College rowers across Oxford have today received the news that Torpids will be cancelled due to bad weather.

The high volume of water in the Isis means that the river is not safe to race on due to the speed of water flow. The streams are so strong that even Environmental Agency boats are unable to patrol.

With many crews already lacking in experience due to prolonged periods of red flag, Oxford University Rowing Clubs (OURCs), who run the competition, have made the decision to call off all four days of racing, despite previous hopes that some limited racing would occur.

OURCs secretary Joe Lord told Cherwell: “It’s a shame but not an easy or an unexpected decision. I look forward hopefully to making use of our 8th week contingency if the river allows.”

Several Captains’ Meetings this term have been dedicated to forming contingency plans in case of this occurrence. Although numerous ideas were put forward, including moving racing to Dorney Lake, this was deemed logistically impossible. Consequently, Torpids is likely to be moved to 8th week with racing between Thursday and Saturday.  

With the first men’s crews racing in 1838, the Hilary bumps competition has a long-standing history, and many crews train several times a week from the start of Michaelmas.

The decision to cancel racing is not taken lightly. In 2018, when the “Beast from the East” brought blizzards to the UK, this only led to a two-day cancellation and reduced divisions on the final day. 

Disappointed rowers will, however, have an outlet for their competitive spirit – Pembroke’s ‘Tug of Warpids’, taking place on Saturday afternoon.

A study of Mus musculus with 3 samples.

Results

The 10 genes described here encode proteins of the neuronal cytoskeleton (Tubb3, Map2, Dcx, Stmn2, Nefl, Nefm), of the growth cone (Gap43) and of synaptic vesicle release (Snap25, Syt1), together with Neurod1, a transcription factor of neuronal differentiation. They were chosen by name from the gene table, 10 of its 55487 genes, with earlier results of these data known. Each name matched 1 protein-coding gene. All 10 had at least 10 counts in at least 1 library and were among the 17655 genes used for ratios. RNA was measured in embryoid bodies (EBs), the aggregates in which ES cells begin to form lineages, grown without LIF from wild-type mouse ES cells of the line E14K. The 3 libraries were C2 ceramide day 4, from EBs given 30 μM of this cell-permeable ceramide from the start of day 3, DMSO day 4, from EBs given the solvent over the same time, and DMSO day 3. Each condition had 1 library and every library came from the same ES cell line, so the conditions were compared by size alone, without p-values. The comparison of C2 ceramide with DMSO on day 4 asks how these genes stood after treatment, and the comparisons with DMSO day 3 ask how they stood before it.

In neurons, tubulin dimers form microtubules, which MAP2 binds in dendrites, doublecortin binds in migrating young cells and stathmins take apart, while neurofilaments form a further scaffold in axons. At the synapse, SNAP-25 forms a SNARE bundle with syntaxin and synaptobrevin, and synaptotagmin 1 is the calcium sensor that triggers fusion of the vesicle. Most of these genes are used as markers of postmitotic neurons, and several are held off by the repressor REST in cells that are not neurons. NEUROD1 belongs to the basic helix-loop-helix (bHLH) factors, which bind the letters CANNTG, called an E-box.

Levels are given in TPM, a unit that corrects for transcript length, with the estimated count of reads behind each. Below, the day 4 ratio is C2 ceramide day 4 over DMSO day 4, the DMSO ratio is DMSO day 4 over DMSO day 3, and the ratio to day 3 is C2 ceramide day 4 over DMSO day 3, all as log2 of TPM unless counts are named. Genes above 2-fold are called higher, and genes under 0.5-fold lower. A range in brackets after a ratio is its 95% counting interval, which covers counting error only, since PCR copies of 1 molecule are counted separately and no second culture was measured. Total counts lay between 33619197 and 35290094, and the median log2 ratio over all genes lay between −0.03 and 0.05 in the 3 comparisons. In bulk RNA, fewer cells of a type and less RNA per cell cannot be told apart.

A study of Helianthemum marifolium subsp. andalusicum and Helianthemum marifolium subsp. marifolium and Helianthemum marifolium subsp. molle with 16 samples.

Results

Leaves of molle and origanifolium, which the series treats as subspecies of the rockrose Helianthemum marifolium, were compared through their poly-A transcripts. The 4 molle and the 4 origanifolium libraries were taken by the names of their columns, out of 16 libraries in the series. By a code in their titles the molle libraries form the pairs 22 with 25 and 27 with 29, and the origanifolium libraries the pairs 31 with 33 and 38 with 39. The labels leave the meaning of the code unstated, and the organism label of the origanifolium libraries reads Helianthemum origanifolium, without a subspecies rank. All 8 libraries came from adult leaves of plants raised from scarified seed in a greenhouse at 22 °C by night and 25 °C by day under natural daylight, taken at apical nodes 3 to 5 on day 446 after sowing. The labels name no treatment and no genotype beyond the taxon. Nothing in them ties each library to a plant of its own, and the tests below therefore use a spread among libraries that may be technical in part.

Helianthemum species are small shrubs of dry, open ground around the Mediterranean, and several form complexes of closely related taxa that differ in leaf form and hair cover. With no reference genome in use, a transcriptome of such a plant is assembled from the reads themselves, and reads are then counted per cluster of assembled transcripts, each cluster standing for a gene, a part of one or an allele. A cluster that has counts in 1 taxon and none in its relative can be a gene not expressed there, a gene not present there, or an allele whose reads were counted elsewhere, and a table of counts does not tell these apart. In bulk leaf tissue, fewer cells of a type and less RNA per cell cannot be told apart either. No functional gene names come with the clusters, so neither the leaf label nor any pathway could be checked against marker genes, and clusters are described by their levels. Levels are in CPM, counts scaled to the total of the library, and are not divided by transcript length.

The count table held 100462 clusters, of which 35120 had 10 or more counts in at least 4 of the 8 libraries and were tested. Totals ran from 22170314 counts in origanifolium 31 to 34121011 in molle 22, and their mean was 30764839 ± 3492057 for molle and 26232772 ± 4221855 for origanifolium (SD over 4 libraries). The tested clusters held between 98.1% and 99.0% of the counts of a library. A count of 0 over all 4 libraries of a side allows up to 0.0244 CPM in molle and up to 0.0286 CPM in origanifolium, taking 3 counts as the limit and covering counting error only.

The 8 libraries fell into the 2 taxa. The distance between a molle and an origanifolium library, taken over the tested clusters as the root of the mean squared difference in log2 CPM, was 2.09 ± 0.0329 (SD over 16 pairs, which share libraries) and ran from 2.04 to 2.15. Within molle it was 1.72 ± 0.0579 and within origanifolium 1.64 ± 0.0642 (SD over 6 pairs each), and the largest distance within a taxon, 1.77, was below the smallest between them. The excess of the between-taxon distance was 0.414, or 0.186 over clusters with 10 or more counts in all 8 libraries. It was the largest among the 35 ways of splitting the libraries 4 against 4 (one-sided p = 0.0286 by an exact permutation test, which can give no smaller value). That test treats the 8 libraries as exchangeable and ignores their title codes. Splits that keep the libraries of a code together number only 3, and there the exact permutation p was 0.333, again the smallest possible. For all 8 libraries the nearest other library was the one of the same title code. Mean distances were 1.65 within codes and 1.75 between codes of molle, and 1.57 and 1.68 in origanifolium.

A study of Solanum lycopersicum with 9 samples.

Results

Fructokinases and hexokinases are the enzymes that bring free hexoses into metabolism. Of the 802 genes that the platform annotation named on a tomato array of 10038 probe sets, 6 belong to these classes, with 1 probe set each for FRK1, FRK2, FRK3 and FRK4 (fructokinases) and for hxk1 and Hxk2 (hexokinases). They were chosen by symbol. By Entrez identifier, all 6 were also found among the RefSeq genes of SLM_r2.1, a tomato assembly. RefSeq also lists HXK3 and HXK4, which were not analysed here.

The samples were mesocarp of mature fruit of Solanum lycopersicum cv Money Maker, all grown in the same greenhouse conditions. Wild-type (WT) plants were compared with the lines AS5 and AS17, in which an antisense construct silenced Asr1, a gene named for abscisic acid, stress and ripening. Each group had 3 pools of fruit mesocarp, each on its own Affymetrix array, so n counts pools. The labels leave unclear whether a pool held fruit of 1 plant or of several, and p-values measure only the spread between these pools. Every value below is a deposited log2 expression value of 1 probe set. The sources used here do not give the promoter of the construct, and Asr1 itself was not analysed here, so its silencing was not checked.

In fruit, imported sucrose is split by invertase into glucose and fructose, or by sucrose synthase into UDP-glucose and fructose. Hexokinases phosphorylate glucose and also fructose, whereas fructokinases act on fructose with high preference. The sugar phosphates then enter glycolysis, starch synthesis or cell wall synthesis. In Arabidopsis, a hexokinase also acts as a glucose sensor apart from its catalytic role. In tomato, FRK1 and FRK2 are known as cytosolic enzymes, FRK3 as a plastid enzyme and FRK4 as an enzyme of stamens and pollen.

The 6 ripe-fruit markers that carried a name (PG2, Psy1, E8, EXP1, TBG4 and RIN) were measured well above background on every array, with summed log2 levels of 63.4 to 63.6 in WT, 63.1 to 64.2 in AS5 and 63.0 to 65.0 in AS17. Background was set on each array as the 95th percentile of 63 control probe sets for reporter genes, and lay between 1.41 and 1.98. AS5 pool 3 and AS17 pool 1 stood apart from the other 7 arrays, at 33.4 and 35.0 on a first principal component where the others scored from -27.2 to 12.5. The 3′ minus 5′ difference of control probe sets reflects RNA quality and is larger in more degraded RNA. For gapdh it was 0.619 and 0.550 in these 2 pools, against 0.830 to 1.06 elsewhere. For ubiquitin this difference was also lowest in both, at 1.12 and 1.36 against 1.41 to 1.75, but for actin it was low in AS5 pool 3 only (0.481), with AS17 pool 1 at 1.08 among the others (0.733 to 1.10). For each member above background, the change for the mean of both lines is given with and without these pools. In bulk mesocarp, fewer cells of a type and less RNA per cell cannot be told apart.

With teams of eight, crews are already eagerly anticipating the chance for old rivalries to take a fresh new form.

Pembroke Boat Club told Cherwell: “We are understandably disappointed that there will be no racing this week but realise that this is a safe and sensible decision. We look forward to challenging for headship both at Summer 8s and Torpids next year. Tug of Warpids promises to be a great event and we hope to see as many people there as possible for a fun day of Pimms, snacks and competition.”

Consensus across boat clubs seems to be that the right decision has been made. Many clubs are happy that novices will get a chance to compete, as racing in Torpids would only have been possible for the most experienced crews.

Somerville women’s captain, Keiran Storer, told Cherwell: “while disappointing, planned racing was excluding many of the lower boats/novices. Not to say Torpids/bumps is fair year to year, but now through events like Tug of Warpids the hard work put in across experiences and abilities won’t be ignored, whilst honouring safety concerns”.